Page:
COVID-19 survivor shares story of exhaustion, illness

By Jackie Nelson

HESSTON—Deb Preheim is a COVID-19 survivor. Diagnosed with the virus on Sept. 27, Preheim was diagnosed using a rapid test, receiving a call with results before she returned home.

“I was shocked. It’s rare but not that rare anymore. My husband had it, too. He started his symptoms that Tuesday. He didn’t run a fever,” she said.

Preheim, however, spent two and a half weeks with serious symptoms; her sense of smell and taste have yet to return.

“I still have a very tight chest. I went for a second CT scan, and there are no blood clots and the pneumonia is going away. It’s taking me longer to heal,” she said.

Facing extreme exhaustion, she said, “I didn’t do anything but lay down. If I took a shower, that was my thing for the day.”

Shortly after her diagnosis, Preheim was faced with the possibility of hospitalization.

“I couldn’t take a deep breath at all. You want to cough; you have to take a deep breath to cough. Everything gets stifled and you panic. I couldn’t breathe; I couldn’t cough. This might really be it. I thought of my kids and my husband,” she said.

During the worst of her illness, Preheim said she had the difficult “if something happens, we’ll be OK, Mom,” conversation with her son. “I was hoping to not have that conversation for another 40 years,” she said.

Preheim said simply being awake was a struggle at times.

“I slept 12, 13 hours every night and had to take a nap during the day,” she said.

Through her illness, Preheim said her husband kept the household functioning—doing laundry, making meals and meeting all the simply physical needs of daily living.

“My husband was just Superman through it. He was absolutely amazing,” she said.

For Preheim, her faith sustained her during the worst days.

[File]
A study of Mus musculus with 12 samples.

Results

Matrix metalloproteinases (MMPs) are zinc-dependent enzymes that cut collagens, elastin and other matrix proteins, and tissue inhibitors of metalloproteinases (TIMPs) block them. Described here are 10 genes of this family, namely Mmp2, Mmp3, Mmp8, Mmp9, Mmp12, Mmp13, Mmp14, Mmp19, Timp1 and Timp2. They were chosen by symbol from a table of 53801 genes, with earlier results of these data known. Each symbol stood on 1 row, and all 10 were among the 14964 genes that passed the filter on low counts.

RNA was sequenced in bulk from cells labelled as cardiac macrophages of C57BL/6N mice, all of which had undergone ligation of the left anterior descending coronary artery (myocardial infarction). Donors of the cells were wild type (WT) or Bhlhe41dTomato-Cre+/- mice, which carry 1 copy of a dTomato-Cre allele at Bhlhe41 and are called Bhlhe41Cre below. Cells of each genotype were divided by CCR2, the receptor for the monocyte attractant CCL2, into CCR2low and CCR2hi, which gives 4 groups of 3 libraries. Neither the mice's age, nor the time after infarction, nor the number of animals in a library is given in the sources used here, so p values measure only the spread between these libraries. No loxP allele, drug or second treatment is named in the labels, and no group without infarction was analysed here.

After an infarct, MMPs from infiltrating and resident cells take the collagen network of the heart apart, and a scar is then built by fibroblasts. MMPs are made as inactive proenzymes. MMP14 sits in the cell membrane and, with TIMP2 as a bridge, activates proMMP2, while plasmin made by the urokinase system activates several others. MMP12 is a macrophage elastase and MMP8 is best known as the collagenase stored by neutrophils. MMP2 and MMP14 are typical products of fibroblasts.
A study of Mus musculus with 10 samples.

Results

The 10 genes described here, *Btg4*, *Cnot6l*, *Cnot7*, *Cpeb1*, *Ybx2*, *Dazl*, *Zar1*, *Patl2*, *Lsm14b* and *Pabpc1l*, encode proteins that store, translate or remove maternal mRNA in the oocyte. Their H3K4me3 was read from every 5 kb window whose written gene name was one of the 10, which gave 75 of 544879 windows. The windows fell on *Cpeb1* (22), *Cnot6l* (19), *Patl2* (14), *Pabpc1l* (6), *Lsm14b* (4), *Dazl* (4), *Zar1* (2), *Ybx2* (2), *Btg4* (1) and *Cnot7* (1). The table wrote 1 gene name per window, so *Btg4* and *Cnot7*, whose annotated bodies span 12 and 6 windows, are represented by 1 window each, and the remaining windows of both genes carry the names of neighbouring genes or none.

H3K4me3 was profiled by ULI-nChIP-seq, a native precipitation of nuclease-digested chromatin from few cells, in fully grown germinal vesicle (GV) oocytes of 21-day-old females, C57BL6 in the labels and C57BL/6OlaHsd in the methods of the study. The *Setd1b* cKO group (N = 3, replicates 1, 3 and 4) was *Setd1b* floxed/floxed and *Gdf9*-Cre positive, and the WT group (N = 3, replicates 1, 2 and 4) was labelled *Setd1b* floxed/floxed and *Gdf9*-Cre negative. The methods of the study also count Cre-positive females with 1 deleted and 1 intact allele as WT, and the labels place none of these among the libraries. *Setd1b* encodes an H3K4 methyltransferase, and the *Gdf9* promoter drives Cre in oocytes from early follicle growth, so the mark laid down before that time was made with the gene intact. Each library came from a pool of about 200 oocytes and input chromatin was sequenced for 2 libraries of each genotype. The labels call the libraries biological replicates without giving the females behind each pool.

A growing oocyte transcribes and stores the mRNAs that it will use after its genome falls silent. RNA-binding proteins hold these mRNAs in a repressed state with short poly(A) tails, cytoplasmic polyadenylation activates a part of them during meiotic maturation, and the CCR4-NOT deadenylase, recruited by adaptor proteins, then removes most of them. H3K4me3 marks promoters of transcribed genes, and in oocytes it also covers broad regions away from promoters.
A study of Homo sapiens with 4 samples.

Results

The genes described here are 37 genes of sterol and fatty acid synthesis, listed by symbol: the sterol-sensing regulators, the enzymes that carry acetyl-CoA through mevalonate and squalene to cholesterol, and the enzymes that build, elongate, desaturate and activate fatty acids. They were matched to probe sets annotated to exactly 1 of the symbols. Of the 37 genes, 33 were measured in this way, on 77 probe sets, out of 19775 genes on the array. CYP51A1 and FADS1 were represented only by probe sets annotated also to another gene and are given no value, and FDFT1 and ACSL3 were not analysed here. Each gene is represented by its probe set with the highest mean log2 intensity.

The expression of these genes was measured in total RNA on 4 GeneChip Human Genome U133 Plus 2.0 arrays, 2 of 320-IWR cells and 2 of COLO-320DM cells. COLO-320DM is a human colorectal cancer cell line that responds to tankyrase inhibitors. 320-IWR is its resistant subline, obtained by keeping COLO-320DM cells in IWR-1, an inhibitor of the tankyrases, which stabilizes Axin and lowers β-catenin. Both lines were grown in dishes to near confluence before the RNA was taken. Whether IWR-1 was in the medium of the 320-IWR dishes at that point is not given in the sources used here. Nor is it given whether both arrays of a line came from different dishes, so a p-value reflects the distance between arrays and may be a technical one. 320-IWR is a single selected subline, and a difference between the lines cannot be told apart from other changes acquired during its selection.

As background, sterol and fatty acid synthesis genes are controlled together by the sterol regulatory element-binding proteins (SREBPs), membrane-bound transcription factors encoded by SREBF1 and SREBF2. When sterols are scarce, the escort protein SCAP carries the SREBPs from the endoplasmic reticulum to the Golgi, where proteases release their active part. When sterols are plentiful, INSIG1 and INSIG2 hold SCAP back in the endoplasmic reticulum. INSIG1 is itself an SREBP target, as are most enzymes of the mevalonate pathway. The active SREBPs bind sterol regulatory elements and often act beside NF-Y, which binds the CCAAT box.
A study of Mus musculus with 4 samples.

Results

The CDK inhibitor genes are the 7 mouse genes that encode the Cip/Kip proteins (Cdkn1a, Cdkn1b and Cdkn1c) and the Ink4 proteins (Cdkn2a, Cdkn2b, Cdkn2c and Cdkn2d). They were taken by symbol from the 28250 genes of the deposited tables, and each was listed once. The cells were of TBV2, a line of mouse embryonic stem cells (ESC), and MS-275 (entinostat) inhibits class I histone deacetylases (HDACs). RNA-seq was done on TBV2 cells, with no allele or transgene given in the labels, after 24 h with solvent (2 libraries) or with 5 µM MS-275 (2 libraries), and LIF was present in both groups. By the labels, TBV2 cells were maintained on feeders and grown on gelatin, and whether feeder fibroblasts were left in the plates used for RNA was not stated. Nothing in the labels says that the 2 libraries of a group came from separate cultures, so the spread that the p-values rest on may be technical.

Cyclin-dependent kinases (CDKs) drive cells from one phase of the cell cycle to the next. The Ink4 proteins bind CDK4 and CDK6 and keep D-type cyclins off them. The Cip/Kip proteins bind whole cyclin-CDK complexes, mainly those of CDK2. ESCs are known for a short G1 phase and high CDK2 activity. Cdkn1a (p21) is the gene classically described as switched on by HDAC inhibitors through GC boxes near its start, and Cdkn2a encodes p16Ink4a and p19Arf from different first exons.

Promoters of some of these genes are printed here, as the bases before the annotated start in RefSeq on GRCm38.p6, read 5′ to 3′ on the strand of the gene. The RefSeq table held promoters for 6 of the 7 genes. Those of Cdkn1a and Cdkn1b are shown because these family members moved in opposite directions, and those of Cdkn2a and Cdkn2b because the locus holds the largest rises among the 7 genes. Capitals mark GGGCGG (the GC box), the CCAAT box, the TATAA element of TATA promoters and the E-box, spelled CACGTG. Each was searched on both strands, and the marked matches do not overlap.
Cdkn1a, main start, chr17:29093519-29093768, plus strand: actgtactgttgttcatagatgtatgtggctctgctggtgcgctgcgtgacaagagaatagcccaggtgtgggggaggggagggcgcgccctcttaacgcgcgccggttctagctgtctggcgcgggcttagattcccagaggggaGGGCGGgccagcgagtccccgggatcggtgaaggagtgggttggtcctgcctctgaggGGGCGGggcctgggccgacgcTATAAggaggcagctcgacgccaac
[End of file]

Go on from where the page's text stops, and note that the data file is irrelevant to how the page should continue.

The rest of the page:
“My belief in God. I told Him, whatever his will was that was fine with me. And that if he still had something left for me to do, I’d do it,” she said.

During her quarantine and illness, making time for family was important but difficult. With her children and grandchildren a tight-knit family, “We still did Facetime and talked to me. My one grandson is so sensitive. He cried when he saw me […] He couldn’t stand to see me that sick,” she said.

Even though she is no longer contagious or considered an active COVID-19 case, the after-effects still plague Preheim.

“I still can’t breathe quite right. I’m coughing. I’m still a little sluggish. I have COVID-brain. I can’t remember things. I can’t taste or smell. I’ve been told that can take three months or more to come back,” she said.

Even before her diagnosis, Preheim said, “I’ve always been one of those that had respect for it. I’m not one of those anti-mask or thinking it wasn’t real. I’ve always respected it,” she said.

Over a month into her recovery, Preheim is more vigilant than ever that customers and staff at her business, A Cut Above, wear masks and adhere to sanitization standards.

As a survivor, Preheim said, “Please wear masks. Don’t say we’re like sheep being herded. Be afraid of it. It’s not OK. Be aware and take precautions. It’s not going away after the election.”